Transcript: Dr. Craig Haney’s testimony on solitary confinement before the Senate Judiciary Subcommittee on June 19, 2012

Partial transcript of testimony of Dr. Craig Haney, Professor of Psychology at the University of California, Santa Cruz, on solitary confinement. The hearing on “Reassessing Solitary Confinement: The Human Rights, Fiscal, and Public Safety Consequences” was held before the Senate Judiciary Subcommittee on the Constitution, Civil Rights, and Human Rights on June 19, 2012:

Sen. Durbin, thank you for the opportunity to participate in this historic hearing.

I am someone who has probably spent almost as much time inside our nation’s prisons and jails over the last 30 years as I have inside the classroom at my beautiful home university. This is including inspecting dozens of solitary confinement units across the country, and interviewing…many hundreds of men and women who are confined in their cells on average 23 hours a day, many for years, even decades.

I’ve brought some photographs to illustrate what solitary confinement looks like and how it is practiced now here in the United States…

Many isolation prisons are stark, foreboding structures. The cell blocks are typically small and sometimes overseen by armed correctional officers.

The cells themselves are often scarcely larger than the size of a king-sized bed. Prisoners thus eat, sleep, and defecate each day in areas just a few feet apart from one another.

It is hard to describe in words what such a small space begins to look like, feel like, and smell like when someone is required to live virtually their entire life in it.

Because contact visit is prohibited in solitary confinement, prisoners never touch another human being with affection. Their only regular so-called interactions occur when correctional officers place food trays on the slots of their doors – the same slots where prisoners are first handcuffed anytime their cell doors are opened.

Indeed, the only time they are physically touched is when being placed in mechanical restraints – leg irons, belly chains, and the like. They’re escorted by no fewer than two and sometimes as many as five correctional officers anytime they’re taken out of their unit.

Their one-hour a day outside of their cells is termed “yard time” but it occurs in a place that barely resembles a yard. It consists instead of an exercise pen or cage or a concrete enclosed area that prevents any view of the outside world.

There is a disturbingly high concentration of mentally ill prisoners in solitary confinement, as you’ve heard. If they are fortunate enough to be in a unit that provides them with treatment, they are usually unfortunate enough to receive it in a treatment cage or in several of them in a unique form of group therapy.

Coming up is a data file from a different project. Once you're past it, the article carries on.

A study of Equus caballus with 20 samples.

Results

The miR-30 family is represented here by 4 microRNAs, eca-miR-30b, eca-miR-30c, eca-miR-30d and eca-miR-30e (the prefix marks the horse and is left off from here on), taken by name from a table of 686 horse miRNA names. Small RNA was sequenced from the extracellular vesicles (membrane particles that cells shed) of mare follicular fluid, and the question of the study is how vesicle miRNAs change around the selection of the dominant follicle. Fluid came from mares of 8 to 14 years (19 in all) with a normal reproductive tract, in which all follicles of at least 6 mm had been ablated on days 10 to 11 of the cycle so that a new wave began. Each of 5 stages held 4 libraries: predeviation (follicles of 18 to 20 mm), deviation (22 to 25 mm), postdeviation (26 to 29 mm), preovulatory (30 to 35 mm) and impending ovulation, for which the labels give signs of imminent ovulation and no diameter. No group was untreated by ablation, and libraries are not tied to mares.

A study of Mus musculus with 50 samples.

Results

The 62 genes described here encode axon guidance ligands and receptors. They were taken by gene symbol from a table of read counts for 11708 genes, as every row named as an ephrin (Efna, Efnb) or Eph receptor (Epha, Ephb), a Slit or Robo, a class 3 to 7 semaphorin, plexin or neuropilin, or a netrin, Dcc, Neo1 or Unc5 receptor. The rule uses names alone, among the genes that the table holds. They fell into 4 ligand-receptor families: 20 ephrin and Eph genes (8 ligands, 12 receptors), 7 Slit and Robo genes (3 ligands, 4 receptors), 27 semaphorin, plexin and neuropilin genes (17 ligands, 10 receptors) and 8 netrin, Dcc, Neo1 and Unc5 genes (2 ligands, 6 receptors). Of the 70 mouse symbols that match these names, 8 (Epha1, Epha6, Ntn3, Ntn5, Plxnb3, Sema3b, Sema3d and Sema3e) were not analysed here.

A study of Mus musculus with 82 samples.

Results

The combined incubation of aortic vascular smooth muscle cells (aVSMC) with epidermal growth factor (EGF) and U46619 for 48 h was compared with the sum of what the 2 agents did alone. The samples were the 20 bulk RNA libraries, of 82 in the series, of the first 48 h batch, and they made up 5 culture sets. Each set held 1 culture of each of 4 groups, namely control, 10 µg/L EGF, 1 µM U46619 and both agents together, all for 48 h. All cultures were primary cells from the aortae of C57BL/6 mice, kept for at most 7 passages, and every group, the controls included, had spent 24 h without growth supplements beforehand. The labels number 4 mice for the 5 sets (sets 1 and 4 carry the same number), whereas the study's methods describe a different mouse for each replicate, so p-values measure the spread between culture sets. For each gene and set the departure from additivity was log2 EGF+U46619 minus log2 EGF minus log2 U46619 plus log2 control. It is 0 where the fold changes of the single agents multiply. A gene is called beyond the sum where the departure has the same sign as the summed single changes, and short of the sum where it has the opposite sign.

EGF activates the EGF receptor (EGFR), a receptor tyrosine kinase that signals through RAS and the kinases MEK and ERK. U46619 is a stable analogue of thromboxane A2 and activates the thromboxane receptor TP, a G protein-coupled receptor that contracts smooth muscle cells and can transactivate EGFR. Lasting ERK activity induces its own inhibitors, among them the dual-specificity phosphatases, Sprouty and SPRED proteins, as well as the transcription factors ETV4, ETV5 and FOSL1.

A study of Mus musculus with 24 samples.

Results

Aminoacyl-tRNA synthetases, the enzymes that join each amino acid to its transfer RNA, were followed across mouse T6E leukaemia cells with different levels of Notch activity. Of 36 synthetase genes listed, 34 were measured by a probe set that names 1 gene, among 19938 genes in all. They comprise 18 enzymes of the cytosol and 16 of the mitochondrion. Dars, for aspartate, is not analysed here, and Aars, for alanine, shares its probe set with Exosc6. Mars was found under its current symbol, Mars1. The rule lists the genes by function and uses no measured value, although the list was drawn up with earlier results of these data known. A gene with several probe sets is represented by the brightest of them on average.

As you mentioned earlier, Senator, your colleague Sen. McCain has characterized solitary confinement as an awful thing, correctly noting that “it crushes your spirit and weakens your resistance more effectively than any other form of mistreatment.”

I agree and know that for some prisoners less resilient than he, solitary confinement precipitates a descent into madness. Some isolated prisoners smear themselves with feces, sit catatonic in puddles of their own urine, or shriek wildly and bang their fists or heads against the walls that contain them.

In some cases, the reactions are more tragic and bizarre, including grotesque forms of self-harm and mutilation. Prisoners have amputated parts of their own bodies or inserted tubes and other objects into their penises in acts that unfortunately can be met with an institutional matter-of-factness that is equally disturbing.

Less extreme and much more common reactions include panic attacks, hyper-vigilance, paranoia, cognitive dysfunction, hopelessness and depression, and anger and rage.

Although solitary confinement certainly does not drive everyone who experiences it crazy, we do know that time spent in these places is often more than merely painful, moving beyond suffering to placing prisoners at grave risk of psychological harm.

In addition, isolated prisoners frequently develop forms of social pathology, ways of beings that are functional to surviving the asocial world of solitary confinement, but profoundly dysfunctional when these prisoners are returned to a main line prison or released – as most of them are – into the free world where they now must interact effectively with others or risk permanent marginalization.

Indeed, this enforced asociality and the virtually total lack of training or meaningful programming that isolated prisoners typically receive can significantly impede their post prison adjustment, raising important concerns about the effect of solitary confinement on recidivism and public safety.

As prison populations continue to gradually decline in the United States and the nation’s correctional system re-dedicates itself to program-oriented approaches designed to produce positive prisoner change, our use of solitary confinement should be radically re-thought and restricted and the resources now expended on it re-directed to more humane, cost-effective, and productive strategies of prison management.

It is my sincere hope that this committee will help lead the way.